Some months ago, I was chastised by a woman for saying “adaab”, instead of “assalam wa leikum”, the latter being the “the proper Islamic greeting” in her opinion, to be exchanged between Muslims. I grew up as a Muslim and learnt to say “adaab” when I met someone and “khuda hafiz” when we parted ways. Originating from a North Indian Islamicate high culture, “adaab” as a form of greeting was imbued with a certain class hierarchy. It was a familiar greeting even in many elite non-Muslim households in North India, households that were closely associated with that cultural space. Among many other Muslim populations, the Arabic greeting “assalam wa leikum”, meaning “may peace be upon you” was also used. But, there was no formal dictum about the usage while I was growing up and there could be overlaps. So, as a child I often replied with an “adaab” to someone who came in saying “assalam wa leikum” and it was not considered inappropriate. As for “Allah hafiz” (may god keep you safe), I did not hear the term until about a decade ago. The word “khuda” originates from Persian but because it is used in other languages too, it can be seen as a more embracing word for God than Allah. The latter is a more specific reference to god in Islam and is confined to its Arabic origins, at least so far. Thus, although they emerge from a specific North Indian Muslim culture, “adaab” and “khuda hafiz” have had a more inclusive history.
Today, these terms are being given up by many Muslims in India, from different class backgrounds, in favour of the more unambiguously Islamic “assalam waleikum” and “Allah hafiz”. For those of us who seek to draw attention to the complicated greys that lie between the uncompromising blacks and whites, this notion of unambiguity is naturally problematic. But, in this trajectory of change from “adaab” to “asalam waleikum”, from “khuda hafiz” to “Allah hafiz”, there are other stories too, stories about why people group around markers of identities, about what gives people a sense of security and comfort, about what creates new groupings. So, even as I feel uncomfortable about puritanical Islamic practices creeping in around me, I recognise that our lives are composed of many overlapping stories, as the novelist Chimamanda Ngozi Adiche has so eloquently spoken about, stories that need to be told to avoid what she calls “the danger of the single story”.
So, in the context of adaab and khuda hafiz, what are these other stories?
Consider some of these:
In the late 1960s, a young girl joins a college hostel and as the lone Muslim girl, she is made to eat separately in the dining hall and put her used dishes apart from the rest.
In the 1980s, one Muslim family loses 56 members to communal rioting, including the murder of an uncle at the hands of his best friend.
In the 1990s, a woman from a small town in UP with a BA, MA and BEd moves to Delhi to teach in a school. She moves back within a month – “I wear a burkha and the whole environment there was not suited for me…”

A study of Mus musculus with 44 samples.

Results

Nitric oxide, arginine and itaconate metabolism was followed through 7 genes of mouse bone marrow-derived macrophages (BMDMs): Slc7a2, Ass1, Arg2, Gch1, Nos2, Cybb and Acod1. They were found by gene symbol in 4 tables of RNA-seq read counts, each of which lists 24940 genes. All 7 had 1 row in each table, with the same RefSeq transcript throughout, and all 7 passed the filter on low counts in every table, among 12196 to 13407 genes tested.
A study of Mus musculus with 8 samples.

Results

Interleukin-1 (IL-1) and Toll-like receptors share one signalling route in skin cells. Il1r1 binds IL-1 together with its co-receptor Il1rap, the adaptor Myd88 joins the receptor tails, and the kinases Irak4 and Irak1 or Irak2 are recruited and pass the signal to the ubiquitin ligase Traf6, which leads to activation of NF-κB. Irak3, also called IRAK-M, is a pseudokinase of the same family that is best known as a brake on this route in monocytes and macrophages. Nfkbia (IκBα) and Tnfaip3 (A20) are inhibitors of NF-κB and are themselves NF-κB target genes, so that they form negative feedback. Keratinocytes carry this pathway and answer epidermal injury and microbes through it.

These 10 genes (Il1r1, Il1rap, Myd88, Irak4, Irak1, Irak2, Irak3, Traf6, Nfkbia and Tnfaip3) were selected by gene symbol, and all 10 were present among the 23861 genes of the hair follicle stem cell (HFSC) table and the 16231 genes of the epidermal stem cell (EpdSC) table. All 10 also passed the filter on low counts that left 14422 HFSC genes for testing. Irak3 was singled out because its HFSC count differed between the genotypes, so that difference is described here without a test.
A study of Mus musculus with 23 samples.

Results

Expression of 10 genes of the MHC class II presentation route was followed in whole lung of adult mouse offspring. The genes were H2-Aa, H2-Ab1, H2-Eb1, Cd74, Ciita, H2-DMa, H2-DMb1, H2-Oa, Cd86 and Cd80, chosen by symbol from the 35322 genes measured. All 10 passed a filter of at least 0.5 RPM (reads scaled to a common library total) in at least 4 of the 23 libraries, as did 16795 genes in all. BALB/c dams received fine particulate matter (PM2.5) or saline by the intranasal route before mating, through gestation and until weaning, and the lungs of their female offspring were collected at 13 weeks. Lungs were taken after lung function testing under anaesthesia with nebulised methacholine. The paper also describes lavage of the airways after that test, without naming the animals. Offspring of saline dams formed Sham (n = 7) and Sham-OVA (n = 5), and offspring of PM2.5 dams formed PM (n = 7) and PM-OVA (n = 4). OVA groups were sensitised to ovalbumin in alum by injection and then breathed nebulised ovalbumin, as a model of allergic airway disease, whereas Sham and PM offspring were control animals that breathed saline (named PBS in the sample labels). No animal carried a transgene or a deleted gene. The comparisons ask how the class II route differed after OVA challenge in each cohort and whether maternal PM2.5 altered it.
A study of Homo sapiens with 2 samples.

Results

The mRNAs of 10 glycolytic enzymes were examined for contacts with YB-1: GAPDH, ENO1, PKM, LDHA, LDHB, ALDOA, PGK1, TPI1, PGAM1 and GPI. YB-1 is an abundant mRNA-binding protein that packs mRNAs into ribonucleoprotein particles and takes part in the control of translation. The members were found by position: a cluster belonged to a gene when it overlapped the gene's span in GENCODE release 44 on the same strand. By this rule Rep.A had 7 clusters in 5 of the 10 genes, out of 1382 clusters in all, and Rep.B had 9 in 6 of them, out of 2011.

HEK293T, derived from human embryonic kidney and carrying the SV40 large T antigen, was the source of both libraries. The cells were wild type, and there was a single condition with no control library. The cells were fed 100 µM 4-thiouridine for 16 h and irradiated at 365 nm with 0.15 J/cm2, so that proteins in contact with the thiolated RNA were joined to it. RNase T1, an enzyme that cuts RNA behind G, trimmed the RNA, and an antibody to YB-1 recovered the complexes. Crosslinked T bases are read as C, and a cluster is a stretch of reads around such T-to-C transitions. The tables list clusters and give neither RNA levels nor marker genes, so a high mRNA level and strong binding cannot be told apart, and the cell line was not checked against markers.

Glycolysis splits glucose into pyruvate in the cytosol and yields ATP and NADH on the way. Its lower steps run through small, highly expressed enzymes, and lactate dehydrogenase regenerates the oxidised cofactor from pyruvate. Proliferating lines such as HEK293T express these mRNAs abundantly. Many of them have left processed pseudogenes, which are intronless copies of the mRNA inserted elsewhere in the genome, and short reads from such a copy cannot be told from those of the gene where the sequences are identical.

In the years since 2002, a dynamic young woman, founder of an NGO to help poor and dalit Muslims, stops telling people her real name while travelling on trains because of being looked at with suspicion.
In the mid-2000s, a teacher attends a workshop in which participants are asked to introduce themselves by talking about their biggest fears. One participant shares that hers is that her son will marry a Muslim - because they are dirty.
In 2008, a young girl, who likes going to school and does well at studies, wonders why the school celebrates Holi and Christmas but not Eid.
In 2009, a media person who offers her neighbour the use of her flat during wedding festivities is told by colleagues that she should not have done so since the groom was a Muslim man from Azamgarh. The same woman remembers a Muslim boy who worked for a while in her office – “He was referred to as jihadi!”
This is a sample of stories that I have encountered in the course of a two-year research project on Muslim women and their experiences of education in parts of western UP. It is only a sample and it is only one person’s encounter. What, I wonder, would a more comprehensive collection reveal? But, even in this sprinkling of voices, there is a larger narrative of exclusion. A story of people being grouped together, in both subtle and direct ways. People are identified by the religion they practise or are born into. Not in itself a bad thing since human beings choose a variety of groupings - around class/caste/religion, schools, football teams, movie stars, work ethics, fashion statements, job aspirations. The list is endless. But when that identification becomes the sole defining identity, it presents itself as the natural order of things instead of the construction that it is. It becomes a wall that seeks to make itself invisible.
And when the cloak of invisibility falls off and the wall shows up – in the form of a veil, a riot or a separate greeting code – who is the one who built it? The ones who sought to keep out? Or the ones who chose to stay in? And what of those who wanted windows instead of walls? Continuing to say “adaab” and “khuda hafiz” is my way of acknowledging that while there is a wall, it can have an open window.
--Samina Mishra is a documentary filmmaker and media practitioner based in New Delhi.